KANSAS CITY, Mo. — The latest debate over renaming The Paseo to honor Martin Luther King, Jr. is almost a year old.
As the pressure mounts for a vote on the issue, 41 Action News is looking back at the history of the prominent boulevard.
The story starts with an 1893 report from what was then called the Board of Park and Boulevard Commissioners.
"The city should have some place where everybody can see beautiful flowers, and flowers more or less rare, in abundance and under conditions of artistic grouping or display. The 'Paseo' offers this opportunity," the report reads.
According to Missouri Valley Special Collections Manager Jeremy Drouin, it was the vision of landscape architect George Kessler. He was involved in what was known as the "City Beautiful" movement.
"It was a movement in the late 1800s where urban planners were starting to look at, when they're building cities, to have parks, to have boulevards," Drouin said.
Kessler named The Paseo after the "Paseo de la Reforma," a major thoroughfare in Mexico City. When it was completed in 1899, the boulevard became a source of pride for Kansas City.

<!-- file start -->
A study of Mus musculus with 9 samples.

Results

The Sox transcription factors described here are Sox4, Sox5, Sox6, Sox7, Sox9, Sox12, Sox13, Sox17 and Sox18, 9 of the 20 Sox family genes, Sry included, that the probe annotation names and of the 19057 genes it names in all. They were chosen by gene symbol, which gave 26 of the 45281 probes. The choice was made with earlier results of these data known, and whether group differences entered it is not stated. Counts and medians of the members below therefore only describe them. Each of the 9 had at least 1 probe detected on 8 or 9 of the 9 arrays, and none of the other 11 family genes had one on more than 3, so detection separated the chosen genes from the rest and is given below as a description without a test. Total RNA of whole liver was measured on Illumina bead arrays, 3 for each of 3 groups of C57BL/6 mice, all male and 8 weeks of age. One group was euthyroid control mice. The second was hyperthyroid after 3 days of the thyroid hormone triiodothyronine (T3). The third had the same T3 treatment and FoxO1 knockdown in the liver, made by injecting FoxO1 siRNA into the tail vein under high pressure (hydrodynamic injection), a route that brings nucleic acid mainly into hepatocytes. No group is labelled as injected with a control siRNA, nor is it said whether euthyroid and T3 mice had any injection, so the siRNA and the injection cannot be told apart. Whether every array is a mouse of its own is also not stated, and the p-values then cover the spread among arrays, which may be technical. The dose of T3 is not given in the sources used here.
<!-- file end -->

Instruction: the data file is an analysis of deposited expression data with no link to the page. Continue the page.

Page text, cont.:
"It was such an attraction that they created postcards for The Paseo," Drouin said.
Some of the features found in the historic photographs remain in place today, like the pergola off 11th Street and the Spanish cannon a block away.
The name of the boulevard is another constant, which is why some neighbors do not want it changed.
"It's gorgeous. It's beautiful. It's part of the crown jewel of this city, and they need to get their hands off of it," said Diane Faelber, who has lived in the historic northeast for more than 20 years.
Faelber is one of the neighbors leading the charge against the change. So is Michael Stringer, who runs the Real Northeast Facebook page.
"We've taken a couple different online polls, and it's like 95 percent of our population does not want to see this renamed," Stringer said.
After engaging members of the community, Mayor Sly James' MLK Advisory Group did not pick The Paseo as its first or even second choice to honor the civil rights icon. Instead, the airport and 63rd St. emerged as front runners.
Concerned neighbors just don't want The Paseo changed, and they say they'll continue showing up with signs at City Hall until the bitter end.
"Absolutely. Until this thing dies the ignominious death it deserves, we're going to be here," Faelber said.
The SCLC will call for a vote on renaming the boulevard at Thursday's council meeting. Councilman Quinton Lucas is also working on a resolution for an up/down vote on the proposal, but it is unclear if the council will actually vote this week.